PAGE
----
US government sought control over TikTok – report

A draft agreement would have given Washington unfettered access to the Chinese-owned platform’s servers and other property
US government sought control over TikTok – report

The Biden administration sought to gain control over nearly every aspect of the inner workings of social media behemoth TikTok as part of negotiations allowing its continued operation in the US, according to a draft agreement obtained by Forbes last week. 

The draft, which was seen by Forbes and dated last summer, is the product of months of exchanges between ByteDance and the Committee on Foreign Investment in the United States (CFIUS), which oversees foreign involvement in business deals that could potentially impact national security and has been investigating ByteDance for four years.

The agreement, which at the time ran to nearly 100 pages and has not reportedly been finalized, would give the White House a level of control over the Chinese-owned platform even greater than that which it was found last year to be exercising over US-based competitors like Facebook and Twitter (now X), allowing government officials to not only monitor and influence conversations on the platform, but also to interfere in the day-to-day operations of TikTok in the US.

Government agencies like the Department of Justice and Department of Defense would have full authority to examine TikTok’s servers, equipment, records, facilities, and other properties, according to the draft. They could also block changes to the app’s US terms of service, privacy policy, and moderation policies and veto the hiring of any individual involved in data security for the US.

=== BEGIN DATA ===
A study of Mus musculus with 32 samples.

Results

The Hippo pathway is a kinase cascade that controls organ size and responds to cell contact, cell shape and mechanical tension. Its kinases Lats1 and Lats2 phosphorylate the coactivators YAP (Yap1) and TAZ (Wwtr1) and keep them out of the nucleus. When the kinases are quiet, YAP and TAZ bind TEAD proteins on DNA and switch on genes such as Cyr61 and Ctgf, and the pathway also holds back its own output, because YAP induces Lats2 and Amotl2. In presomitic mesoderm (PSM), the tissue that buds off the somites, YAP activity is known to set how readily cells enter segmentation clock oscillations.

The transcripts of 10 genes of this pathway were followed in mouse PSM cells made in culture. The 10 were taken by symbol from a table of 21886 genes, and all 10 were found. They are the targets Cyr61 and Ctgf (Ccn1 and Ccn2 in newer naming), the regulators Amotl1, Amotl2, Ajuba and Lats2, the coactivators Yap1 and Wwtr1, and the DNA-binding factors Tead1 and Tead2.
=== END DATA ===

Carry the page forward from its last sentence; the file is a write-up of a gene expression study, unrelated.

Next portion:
The agreement would also force TikTok and its parent company ByteDance to submit to outside audits, assessments, code inspections, and cybersecurity checks by supposedly independent entities chosen by the US government. The company would be required to foot the bill for these intrusions.

The platform’s US staff could even have been required to exclude ByteDance’s executives from security-related decisions, instead deferring to an executive security committee whose actions would also be concealed from ByteDance. This committee’s primary responsibility would be maintaining US national security first and TikTok’s profitability second. 

TikTok has been threatened repeatedly with a blanket ban or forced sale of its US assets to an American competitor as both President Joe Biden and his predecessor, Donald Trump, claimed the platform is used by Beijing for information warfare. 

CFIUS renewed the call for a ban or sale in March after the DOJ launched an investigation into ByteDance employees using TikTok to spy on American journalists. A spokesperson for ByteDance confirmed the surveillance but attributed it to rogue employees who have since been fired. 

TikTok has over 150 million American users spending 90 minutes or more on the platform. While the company pledged in 2021 to isolate US user data on servers owned by tech giant Oracle to assuage spying concerns, Biden prohibited its use by federal employees in December and dozens of state and city governments have followed suit.